At one time, the basis for medicinal health treatments came down to two simple words, "It works." If something seemed to be effective, then there was a good likelihood everyone would benefit. But that view has changed over the centuries and we've come to learn this simple approach is for the most part unacceptable.
Today, new medical treatments must pass several hurdles both in the lab and through clinical trials. These controlled and highly structured human experiments assess the safety and effectiveness of a particular drug or treatment. The result is compared to that of a negative control – a placebo – or another product or method already in use. In the latter case, if the outcome is better than the traditional option, known as noninferiority, there's a solid chance for acceptance by governments and the general public.
In most cases, clinical trial success usually means smooth sailing. However, in some cases, this achievement isn't the end of the struggle. This problem usually arises when the product isn't a single entity like a drug or a surgical procedure but rather a compilation of many different types of health options coined into one type of intervention, such as diet, exercise, vitamin supplementation, and beauty.
We've seen this problem arise quite a bit over the last few years. We've heard of contradictions in trials dealing with coffee consumption, vitamin D supplementation, certain traditional techniques such as acupuncture, and various diet fads. When this happens, the public is left wondering which one if any can be believed.
One of the more contentious dilemmas is the use of probiotics. According to the definition, these are live microscopic organisms that are ingested to provide a health benefit. From a marketing perspective, this is a great description as it is both vague and enticing. As a result, an entire sector of health options have arrived all in the name of health improvement. You can buy probiotics as supplements, purchase food items that contain probiotic species and even acquire cosmetics made with byproducts from bacteria considered to be probiotic.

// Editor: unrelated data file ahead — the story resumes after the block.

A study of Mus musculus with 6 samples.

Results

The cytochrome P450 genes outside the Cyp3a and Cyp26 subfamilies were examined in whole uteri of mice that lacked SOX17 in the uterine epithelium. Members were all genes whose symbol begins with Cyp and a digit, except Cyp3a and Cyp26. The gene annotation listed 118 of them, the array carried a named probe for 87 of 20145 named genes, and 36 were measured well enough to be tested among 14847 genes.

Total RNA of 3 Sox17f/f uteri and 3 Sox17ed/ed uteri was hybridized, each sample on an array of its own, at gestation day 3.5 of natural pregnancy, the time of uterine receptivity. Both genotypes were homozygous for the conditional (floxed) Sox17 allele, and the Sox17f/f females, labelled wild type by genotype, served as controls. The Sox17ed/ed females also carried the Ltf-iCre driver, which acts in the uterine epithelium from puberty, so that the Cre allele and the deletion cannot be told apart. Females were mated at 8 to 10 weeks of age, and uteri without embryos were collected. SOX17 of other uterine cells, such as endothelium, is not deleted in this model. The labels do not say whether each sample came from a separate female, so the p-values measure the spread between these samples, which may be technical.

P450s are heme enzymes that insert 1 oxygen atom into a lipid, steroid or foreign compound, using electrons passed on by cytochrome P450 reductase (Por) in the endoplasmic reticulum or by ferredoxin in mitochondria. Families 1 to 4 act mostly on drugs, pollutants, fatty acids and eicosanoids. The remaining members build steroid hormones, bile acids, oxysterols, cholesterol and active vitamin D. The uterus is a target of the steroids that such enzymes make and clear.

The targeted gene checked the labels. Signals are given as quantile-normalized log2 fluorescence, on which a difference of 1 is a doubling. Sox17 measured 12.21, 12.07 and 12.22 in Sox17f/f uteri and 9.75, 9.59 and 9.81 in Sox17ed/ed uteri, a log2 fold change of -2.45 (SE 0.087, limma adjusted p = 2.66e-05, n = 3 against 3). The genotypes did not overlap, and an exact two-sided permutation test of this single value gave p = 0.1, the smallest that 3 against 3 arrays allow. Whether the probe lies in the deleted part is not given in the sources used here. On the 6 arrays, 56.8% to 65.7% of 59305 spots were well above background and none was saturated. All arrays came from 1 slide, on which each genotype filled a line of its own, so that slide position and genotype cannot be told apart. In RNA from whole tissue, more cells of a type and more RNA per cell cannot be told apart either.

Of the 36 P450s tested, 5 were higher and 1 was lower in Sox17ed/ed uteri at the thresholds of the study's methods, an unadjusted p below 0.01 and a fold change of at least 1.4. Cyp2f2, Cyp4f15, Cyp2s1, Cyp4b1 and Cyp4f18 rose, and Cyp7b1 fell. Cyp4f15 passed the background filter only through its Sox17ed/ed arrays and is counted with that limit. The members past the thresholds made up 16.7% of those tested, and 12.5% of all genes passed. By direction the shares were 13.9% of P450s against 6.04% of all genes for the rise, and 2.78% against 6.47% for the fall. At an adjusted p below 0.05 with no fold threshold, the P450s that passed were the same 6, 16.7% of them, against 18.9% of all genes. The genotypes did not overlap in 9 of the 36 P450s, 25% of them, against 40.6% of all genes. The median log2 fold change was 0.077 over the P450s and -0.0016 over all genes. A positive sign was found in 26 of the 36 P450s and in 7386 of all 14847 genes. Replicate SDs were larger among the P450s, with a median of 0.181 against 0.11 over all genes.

But do they work? That's been a highly debated issue. There is a split between two groups. One believes in the value of probiotics while the other feel they are a waste of money. The arguments have been going on for years and don't seem to be slowing.
To set themselves apart, some probiotic companies have gone the extra mile and tried clinical trials much like medicines to show their products work in large populations. In this case, they choose one species of bacteria at one concentration, and compare the results to a placebo. One might expect this to help the cause but even this approach has its problems.
A recent examples is the claimed ability of probiotics to help fight the common cold. Last year, a study from a group of researchers and company scientists suggested that probiotics may be able to reduce the extent of symptoms during infection. However, earlier this year, many of the same researchers revealed the exact opposite result revealing the same probiotic bacteria had no effect. Instead, as they pointed out, the nature of the individual's own nasal microbial population determined how bad a person suffers.
While this is outcome is becoming more common, it does little for the public who must try to navigate through the studies and determine which side is right. Unfortunately, the lack of certainty in the science tends to lead people to take one of two different paths. The first is to forego the option and learn to live without the implied benefit. The other is to ignore the science and just go with whatever feels right. Both of these are not particularly good choices but some may feel it's all they have.
There is, however, a third path. One can first identify the mechanism of action. It's what sets drugs and other pharmaceuticals apart from wellness options. Before these molecules can even see the light of a clinical trial, researchers must first determine how they work inside the body. When this information is known with certainty, then it can move to clinical trials and eventual acceptance.
Last week, a group of researchers decided this mechanistic approach is needed for probiotics. In order to gain the confidence necessary for community trust in a product, scientists need to figure out what is happening at the molecular level and then develop an understanding of the mechanism behind the benefits both at the cellular as well as the human level. Only then can successful products be seen in a positive light and unsuccessful ones kept off the shelves.
If you are thinking of going the probiotic route to wellness in Canada, there are three things you need to look for in a product. The first is that mechanism of action. The second is the reporting of clinical trial success. The third is to look for a Natural Product Number. It's the official licence for the product in this country and shows it has gone through proper government testing. More importantly, it allows you the chance to see exactly what benefits you can get. All you need to do is head to Health Canada's Licensed Natural Health Product Database and look up the product number. You'll learn of what the product can - and cannot - do for you.
Figuring out how to stay healthy in today's world is not easy as the onslaught of companies trying to sell you on their vision of wellness is difficult to ignore. However, knowing the mechanism of action may be the best way forward for probiotics and other products as well. This approach can give us a chance to go beyond the traditional and uncertain, "It works," mentality to a more sure position based on the equally simple but so much more important phrase, "How it works."